As many of you may know, I have been writing articles and making presentations on California's new pet trust law, which became effective on January 1, 2009. The law allows pet owners to create enforceable trusts to provide for the care and well-being of their pet after their incapacity or death, and to fund that care with the appropriate assets necessary to meet the owner’s objectives.
However, it is important to remember that, regardless of whether a pet owners has the assets or inclination to create a trust for their pet, emergency instructions for the care of pets are incredibly important.
If you get into a car accident and have a person at home who is expecting you to return home, at some point that person is going to start getting worried and make some calls to figure out what happened, or law enforcement or emergency room personnel will call your home.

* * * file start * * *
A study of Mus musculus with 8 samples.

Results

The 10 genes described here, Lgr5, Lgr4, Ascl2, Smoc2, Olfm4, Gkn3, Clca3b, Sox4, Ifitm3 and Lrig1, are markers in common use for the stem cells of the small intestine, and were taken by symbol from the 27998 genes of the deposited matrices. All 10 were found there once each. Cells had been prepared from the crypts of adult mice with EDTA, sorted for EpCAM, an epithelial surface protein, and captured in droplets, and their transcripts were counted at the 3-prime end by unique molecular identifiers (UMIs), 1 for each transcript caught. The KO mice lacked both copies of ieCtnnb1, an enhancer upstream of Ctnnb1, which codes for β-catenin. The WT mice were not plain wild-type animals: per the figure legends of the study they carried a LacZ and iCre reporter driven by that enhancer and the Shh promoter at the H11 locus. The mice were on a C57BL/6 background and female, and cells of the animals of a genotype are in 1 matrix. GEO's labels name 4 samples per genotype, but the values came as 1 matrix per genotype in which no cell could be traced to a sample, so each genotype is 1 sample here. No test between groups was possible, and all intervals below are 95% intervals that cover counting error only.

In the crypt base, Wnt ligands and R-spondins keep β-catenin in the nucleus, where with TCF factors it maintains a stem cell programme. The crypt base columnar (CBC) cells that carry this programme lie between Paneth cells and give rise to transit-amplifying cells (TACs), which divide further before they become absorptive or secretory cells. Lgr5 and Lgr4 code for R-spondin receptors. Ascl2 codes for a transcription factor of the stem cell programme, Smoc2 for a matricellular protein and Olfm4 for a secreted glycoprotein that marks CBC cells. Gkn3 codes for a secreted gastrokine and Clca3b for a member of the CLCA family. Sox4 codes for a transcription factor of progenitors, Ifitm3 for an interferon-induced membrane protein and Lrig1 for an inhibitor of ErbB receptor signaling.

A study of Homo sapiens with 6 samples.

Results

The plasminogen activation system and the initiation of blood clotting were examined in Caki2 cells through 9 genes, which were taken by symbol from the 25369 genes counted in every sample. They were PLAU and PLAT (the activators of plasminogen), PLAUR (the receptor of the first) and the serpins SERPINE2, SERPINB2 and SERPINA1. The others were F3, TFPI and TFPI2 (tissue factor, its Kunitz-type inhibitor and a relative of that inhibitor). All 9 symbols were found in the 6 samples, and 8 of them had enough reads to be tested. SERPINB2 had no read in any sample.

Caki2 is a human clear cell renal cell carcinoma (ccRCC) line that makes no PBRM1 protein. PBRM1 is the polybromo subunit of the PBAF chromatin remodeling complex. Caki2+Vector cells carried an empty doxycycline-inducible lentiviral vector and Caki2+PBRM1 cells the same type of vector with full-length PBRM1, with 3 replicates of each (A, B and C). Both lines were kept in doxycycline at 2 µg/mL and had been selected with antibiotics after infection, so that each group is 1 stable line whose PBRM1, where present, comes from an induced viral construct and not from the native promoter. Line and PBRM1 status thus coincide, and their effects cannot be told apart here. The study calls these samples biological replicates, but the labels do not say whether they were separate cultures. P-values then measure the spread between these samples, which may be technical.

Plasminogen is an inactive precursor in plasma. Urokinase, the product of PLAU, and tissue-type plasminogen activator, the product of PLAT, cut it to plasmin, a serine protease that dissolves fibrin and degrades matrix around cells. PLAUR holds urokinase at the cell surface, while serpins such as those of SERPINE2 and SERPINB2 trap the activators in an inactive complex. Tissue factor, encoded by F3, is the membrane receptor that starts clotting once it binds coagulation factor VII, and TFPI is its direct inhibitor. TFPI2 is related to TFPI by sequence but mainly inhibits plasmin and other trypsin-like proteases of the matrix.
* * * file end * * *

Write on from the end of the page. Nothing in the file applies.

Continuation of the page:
However, if you have a pet at home, your pet is not likely to either make or receive any telephone calls.
Thus, even if you have made provisions for the long-term care of your pet by a caregiver after your death, you should make plans for short-term care for your pet in case of an emergency. If your designated caregiver for your pet in the long term is located far from your home, you should find some friends or neighbors close by who could care for your animal in the short-term.
The next question becomes how to communicate such short term provisions to those who may be with you in the event of an emergency.
Many people who have advanced health care directives carry cards behind their driver’s licenses. These cards give the name of their agent, as well as their telephone number.
You should consider doing the same thing for your pets, so that if you are in an accident, emergency personnel may look in your wallet and see what is behind your driver’s license. If they see your pet care contact card, they are going to be able to make appropriate calls at that time.
If you would like a form of emergency card for your pets, contact our office.